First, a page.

HFMD Claims Its Ninth Victim In Sarawak
April 04, 2006 17:50 PM
KUCHING, April 4 (Bernama) – The hand, foot and mouth disease (HFMD) has claimed the life of a 16-month-old boy from Miri, bringing the death toll to nine so far, despite a declining trend in new cases reported in Sarawak.
Deputy Chief Minister Tan Sri Dr George Chan said Tuesday the latest victim died at 2.30pm today after he was admitted to the Miri Hospital’s intensive care unit (ICU) in critical condition last Saturday.
“The boy already had a number of fits when he was sent to the hospital. It is very sad as I wonder why the parents only sought treatment very late, especially when he is staying in Miri town itself and could have been saved,” he told a news conference on the daily HFMD updates here.
Dr Chan, who is also the State Disaster and Relief Management Committee chairman, said the nine children who had succumbed to the disease were admitted under stressful condition, with neurological signs, while those who came early for treatment survived.
Three of the nine fatalities reported since the HFMD outbreak was first detected in Sibu in February had been confirmed to be Enterovirus 71 (EV71) positive.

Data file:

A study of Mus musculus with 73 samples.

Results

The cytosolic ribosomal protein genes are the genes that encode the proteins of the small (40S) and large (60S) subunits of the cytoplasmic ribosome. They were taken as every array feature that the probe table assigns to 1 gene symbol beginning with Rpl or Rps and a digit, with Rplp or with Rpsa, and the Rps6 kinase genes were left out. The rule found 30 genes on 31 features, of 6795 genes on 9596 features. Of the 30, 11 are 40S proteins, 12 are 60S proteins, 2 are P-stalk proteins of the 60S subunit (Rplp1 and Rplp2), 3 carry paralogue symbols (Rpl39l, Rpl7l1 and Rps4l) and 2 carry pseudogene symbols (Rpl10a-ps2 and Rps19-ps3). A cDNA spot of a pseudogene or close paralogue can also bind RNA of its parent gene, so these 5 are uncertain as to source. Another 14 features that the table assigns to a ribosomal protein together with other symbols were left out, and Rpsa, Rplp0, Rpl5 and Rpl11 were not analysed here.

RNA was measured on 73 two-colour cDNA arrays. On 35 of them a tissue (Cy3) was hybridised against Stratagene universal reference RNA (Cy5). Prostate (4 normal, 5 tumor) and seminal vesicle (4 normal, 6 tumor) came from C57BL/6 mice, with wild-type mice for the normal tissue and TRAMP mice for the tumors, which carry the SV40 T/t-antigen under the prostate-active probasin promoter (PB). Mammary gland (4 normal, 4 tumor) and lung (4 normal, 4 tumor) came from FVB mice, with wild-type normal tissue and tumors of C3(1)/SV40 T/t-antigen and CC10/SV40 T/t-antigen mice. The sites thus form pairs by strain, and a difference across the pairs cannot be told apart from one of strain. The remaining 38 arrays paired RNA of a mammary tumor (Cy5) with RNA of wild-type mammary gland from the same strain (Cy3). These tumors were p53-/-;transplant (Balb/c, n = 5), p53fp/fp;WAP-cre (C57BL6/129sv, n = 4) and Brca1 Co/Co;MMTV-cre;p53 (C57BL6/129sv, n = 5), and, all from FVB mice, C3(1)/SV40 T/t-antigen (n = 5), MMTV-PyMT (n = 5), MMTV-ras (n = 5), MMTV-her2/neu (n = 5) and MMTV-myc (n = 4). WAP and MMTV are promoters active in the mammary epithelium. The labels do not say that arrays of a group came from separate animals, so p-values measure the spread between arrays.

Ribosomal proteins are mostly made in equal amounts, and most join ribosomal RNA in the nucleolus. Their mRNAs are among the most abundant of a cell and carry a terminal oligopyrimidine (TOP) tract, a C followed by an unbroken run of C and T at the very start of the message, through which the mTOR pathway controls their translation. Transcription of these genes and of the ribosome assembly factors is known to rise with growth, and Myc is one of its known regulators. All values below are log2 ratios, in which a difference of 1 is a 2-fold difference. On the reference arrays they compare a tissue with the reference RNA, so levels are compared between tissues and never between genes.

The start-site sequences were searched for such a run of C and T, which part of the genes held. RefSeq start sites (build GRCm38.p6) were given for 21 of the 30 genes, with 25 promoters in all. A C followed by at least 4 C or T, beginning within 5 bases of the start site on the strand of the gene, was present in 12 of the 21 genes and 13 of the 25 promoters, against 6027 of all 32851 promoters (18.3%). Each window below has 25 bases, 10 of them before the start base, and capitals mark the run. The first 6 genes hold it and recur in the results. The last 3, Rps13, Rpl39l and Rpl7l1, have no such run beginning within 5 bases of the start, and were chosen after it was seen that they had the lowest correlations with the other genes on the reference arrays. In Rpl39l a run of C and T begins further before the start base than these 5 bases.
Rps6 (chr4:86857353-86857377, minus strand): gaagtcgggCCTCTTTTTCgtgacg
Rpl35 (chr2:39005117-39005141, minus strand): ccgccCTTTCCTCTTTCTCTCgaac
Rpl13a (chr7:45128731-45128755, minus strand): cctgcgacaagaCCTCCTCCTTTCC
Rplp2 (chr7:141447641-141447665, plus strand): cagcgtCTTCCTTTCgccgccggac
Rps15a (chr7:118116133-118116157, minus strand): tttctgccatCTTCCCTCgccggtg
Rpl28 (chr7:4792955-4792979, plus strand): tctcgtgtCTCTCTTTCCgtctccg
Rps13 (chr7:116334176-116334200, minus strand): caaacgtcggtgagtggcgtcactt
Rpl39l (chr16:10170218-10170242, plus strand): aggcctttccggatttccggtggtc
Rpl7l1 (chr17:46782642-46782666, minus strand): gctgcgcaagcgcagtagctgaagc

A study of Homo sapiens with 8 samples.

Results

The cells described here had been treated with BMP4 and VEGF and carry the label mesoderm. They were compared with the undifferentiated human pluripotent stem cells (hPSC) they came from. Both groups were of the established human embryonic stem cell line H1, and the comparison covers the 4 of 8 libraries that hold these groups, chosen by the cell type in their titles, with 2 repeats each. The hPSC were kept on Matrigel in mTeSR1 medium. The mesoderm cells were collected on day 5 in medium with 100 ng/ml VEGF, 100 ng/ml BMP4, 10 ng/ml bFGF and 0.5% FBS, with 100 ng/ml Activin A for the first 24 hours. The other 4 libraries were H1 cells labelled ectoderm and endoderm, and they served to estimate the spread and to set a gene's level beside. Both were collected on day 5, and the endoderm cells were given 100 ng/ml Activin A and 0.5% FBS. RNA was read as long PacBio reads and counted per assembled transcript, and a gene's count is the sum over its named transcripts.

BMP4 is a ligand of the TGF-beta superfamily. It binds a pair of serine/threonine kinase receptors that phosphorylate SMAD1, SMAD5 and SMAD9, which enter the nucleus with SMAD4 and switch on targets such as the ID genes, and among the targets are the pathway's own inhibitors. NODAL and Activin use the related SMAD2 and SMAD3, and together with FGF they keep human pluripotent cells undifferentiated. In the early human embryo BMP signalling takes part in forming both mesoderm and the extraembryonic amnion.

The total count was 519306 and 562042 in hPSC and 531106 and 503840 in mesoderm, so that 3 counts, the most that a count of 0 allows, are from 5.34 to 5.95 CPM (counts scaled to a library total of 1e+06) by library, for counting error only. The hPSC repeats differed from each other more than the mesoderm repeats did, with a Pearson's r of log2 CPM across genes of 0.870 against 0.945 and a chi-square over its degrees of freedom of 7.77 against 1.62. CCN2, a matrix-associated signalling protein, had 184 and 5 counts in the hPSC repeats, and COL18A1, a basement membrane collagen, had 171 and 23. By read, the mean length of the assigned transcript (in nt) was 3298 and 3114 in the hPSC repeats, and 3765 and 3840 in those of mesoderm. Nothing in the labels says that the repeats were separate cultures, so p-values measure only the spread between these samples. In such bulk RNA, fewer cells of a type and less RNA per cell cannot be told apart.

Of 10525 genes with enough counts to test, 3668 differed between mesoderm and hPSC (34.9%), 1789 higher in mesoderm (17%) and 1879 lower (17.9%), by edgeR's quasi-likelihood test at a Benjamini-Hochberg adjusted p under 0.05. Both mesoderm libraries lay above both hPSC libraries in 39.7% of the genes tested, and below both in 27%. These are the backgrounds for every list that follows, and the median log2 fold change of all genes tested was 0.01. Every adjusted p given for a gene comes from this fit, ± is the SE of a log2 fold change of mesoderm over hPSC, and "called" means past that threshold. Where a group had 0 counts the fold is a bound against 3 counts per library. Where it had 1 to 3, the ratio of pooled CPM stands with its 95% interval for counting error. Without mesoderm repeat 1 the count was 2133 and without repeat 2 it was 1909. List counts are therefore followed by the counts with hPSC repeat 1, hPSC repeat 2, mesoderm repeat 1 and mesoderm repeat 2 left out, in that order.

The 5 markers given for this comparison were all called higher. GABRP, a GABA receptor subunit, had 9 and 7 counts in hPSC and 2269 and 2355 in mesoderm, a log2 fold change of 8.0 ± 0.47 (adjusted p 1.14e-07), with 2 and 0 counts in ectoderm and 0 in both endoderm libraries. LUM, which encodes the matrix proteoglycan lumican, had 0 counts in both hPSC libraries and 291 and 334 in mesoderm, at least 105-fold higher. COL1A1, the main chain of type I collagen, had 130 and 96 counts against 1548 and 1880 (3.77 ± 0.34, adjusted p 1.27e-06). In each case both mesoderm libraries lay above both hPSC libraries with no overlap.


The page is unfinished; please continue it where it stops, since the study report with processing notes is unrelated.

Dr Chan said the Sarawak Health Department, which was focusing on active case detection in the 1,598 kindergartens, day-care centres and pre-schools which re-opened Monday, had inspected 195 of the premises.
However, the department would only decide on whether to shut down 24.4 per cent of the 195 inspected premises which suspected to have HFMD cases tomorrow as these cases had yet to be confirmed, he said.
He said 13 of the 37 localities that had been issued closure orders as a preventive measure were also suspected to have HFMD cases.
On the daily updates, he said Sarawak had reported a total of 7,858 infected children so far, with 129 new cases detected in the last 24 hours.
There were 15 new admissions today, compared with 31 yesterday, and 39 HFMD patients were still in the wards compared with 89 yesterday.
On proactive steps taken to prevent the spread of HFMD to the rural areas, he said the people had been alerted, especially through the electronic media, with health services being provided by the Flying Doctors Service.